Far out! James Webb Space Telescope takes first EVER image of planet outside solar system

James Webb Space Telescope
(Image credit: NASA/ESA/CSA, A Carter (UCSC), the ERS 1386 team, and A. Pagan (STScI))

Forget consumer cameras and smartphone photography – NASA's James Webb Space Telescope is one of the most exciting imaging devices of our time. It has and will continue to deliver views of places and planets that we will never be able to visit, and phenomena that are hard to imagine.

Although the live launch of the James Webb Space Telescope was only a few months ago, we've already seen some groundbreaking and breathtakingly beautiful pictures. Now for the first time ever, astronomers have been able to use the telescope to capture an image of a planet outside our solar system. 

The inhabitable planet pictured is a gas giant with no solid surface, and it was seen by the telescope through four different light filters. According to the official NASA release, Webb’s powerful infrared gaze "can easily capture worlds beyond our solar system, pointing the way to future observations that will reveal more information than ever before about exoplanets."

How was the exoplanet "image" created?

The wonderful thing about NASA is that it shares its findings with the world, and with that, broadens our understanding of physics and space, giving us inspiration and a true inspiration for the universe that we live in. The visual below is what NASA has shared, and it shows us that the exoplanet HIP 65426 b (catchy name) image is actually made up of four separate camera views – the NIRCam instrument’s view at different measurements of micrometers.

"These images look different because of the ways the different Webb instruments capture light. A set of masks within each instrument, called a coronagraph, blocks out the host star’s light so that the planet can be seen. The small white star in each image marks the location of the host star HIP 65426, which has been subtracted using the coronagraphs and image processing. The bar shapes in the NIRCam images are artifacts of the telescope’s optics, not objects in the scene."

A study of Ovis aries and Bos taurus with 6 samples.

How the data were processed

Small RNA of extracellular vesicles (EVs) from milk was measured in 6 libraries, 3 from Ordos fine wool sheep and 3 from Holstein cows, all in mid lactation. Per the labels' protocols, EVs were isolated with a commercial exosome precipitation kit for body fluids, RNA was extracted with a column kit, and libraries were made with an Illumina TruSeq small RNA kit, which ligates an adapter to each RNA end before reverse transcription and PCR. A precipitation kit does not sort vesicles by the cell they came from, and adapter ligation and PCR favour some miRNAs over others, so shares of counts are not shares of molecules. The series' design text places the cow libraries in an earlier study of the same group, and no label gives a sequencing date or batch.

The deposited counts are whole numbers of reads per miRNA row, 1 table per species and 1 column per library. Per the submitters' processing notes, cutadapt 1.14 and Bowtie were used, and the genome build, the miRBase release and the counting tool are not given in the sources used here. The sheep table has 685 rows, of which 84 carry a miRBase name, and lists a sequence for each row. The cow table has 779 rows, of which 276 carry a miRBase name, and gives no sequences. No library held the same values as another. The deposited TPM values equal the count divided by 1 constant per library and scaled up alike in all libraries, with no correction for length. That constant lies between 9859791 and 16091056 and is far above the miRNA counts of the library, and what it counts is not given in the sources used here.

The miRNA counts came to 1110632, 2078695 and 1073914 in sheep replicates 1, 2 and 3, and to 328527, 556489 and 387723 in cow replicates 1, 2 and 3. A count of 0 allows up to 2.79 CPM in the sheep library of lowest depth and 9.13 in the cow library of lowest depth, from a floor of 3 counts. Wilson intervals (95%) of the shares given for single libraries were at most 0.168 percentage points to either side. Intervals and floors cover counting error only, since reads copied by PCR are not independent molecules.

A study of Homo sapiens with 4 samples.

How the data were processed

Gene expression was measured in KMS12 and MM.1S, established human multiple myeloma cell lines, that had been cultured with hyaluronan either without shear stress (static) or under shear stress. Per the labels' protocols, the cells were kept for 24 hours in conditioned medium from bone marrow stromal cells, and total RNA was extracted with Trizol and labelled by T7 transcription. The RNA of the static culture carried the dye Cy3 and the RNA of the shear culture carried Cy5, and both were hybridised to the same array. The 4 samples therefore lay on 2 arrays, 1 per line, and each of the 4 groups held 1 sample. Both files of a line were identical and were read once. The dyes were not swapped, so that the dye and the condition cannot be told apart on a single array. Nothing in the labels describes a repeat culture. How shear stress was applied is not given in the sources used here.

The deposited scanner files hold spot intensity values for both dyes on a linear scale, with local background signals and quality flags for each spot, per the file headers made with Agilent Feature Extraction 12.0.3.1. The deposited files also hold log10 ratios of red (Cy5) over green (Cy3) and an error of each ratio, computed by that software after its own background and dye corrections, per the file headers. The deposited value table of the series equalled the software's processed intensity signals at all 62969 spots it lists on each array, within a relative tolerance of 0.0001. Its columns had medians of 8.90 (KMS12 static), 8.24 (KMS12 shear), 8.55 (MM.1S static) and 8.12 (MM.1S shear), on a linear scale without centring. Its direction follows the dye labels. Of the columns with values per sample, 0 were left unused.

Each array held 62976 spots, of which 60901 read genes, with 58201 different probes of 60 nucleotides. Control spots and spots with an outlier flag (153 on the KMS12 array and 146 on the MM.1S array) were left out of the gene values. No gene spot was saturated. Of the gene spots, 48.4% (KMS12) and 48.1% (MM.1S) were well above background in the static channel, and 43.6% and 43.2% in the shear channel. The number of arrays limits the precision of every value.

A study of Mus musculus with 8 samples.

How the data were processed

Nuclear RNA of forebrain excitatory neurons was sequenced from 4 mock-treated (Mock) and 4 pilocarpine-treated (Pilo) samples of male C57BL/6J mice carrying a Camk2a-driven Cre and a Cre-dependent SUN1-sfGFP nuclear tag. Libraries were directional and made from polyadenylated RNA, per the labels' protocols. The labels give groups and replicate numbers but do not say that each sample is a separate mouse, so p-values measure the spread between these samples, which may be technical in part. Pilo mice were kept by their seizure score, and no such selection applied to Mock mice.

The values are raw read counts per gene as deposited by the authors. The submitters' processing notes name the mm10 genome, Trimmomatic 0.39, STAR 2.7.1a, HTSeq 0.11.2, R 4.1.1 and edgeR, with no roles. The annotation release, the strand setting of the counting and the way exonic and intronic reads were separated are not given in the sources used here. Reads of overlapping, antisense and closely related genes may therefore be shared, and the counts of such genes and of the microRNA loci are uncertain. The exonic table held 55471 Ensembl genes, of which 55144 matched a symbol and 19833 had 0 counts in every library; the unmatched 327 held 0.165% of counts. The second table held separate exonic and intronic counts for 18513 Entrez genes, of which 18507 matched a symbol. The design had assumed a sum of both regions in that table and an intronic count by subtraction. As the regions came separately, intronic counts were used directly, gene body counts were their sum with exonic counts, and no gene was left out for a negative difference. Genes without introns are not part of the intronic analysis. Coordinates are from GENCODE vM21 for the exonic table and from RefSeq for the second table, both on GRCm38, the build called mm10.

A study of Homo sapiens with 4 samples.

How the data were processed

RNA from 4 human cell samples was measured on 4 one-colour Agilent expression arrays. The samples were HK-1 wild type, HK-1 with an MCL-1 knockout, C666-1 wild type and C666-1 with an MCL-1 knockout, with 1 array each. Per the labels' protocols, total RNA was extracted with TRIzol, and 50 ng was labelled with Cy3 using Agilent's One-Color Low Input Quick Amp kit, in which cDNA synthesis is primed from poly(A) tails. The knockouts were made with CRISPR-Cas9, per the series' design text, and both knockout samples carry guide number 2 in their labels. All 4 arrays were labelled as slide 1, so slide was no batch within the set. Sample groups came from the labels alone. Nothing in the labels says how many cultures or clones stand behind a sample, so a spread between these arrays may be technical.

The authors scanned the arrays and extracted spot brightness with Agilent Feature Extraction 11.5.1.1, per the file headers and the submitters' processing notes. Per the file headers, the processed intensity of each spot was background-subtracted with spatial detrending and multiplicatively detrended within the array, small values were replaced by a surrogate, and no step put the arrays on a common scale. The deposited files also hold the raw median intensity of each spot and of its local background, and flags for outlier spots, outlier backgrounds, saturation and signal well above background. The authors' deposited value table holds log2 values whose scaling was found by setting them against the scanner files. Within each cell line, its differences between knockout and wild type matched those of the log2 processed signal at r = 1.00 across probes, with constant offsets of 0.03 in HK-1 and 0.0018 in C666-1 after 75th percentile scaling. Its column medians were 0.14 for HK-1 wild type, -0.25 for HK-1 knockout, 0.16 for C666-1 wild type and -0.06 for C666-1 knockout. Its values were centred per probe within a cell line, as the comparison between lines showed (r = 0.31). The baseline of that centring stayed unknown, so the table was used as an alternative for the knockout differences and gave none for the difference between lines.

James Webb Space Telescope

This image shows the exoplanet named HIP 65426 b in different bands of infrared light, as seen from the James Webb Space Telescope (Image credit: NASA/ESA/CSA, A Carter (UCSC), the ERS 1386 team, and A. Pagan (STScI))

We can't forget that behind this unbelievably powerful telescope lies decades of research, preparation and the work of hundreds of scientists. Aarynn Carter is a postdoctoral researcher at the University of California, Santa Cruz, and he led the analysis of these images.

“Obtaining this image felt like digging for space treasure,” says Carter. “At first all I could see was light from the star, but with careful image processing, I was able to remove that light and uncover the planet. I think what’s most exciting is that we’ve only just begun. There are many more images of exoplanets to come that will shape our overall understanding of their physics, chemistry, and formation. We may even discover previously unknown planets, too.”

While they won't help you to see planets outside the solar system, the best telescopes are excellent tools for observing the night sky, while the best camera for astrophotography can help you to capture it.

Managing Editor

Lauren is the Managing Editor of Digital Camera World, having previously served as Editor of Digital Photographer magazine, a practical-focused publication that inspires hobbyists and seasoned pros alike to take truly phenomenal shots and get the best results from their kit. 

An experienced photography journalist who has been covering the industry for over eight years, she has also served as technique editor for both PhotoPlus: The Canon MagazinePhotoPlus: The Canon Magazine and DCW's sister publication, Digital Camera Magazine

In addition to techniques and tutorials that enable you to achieve great results from your cameras, lenses, tripods and other photography equipment, Lauren can regularly be found interviewing some of the biggest names in the industry, sharing tips and guides on subjects like landscape and wildlife photography, and raising awareness for subjects such as mental health and women in photography.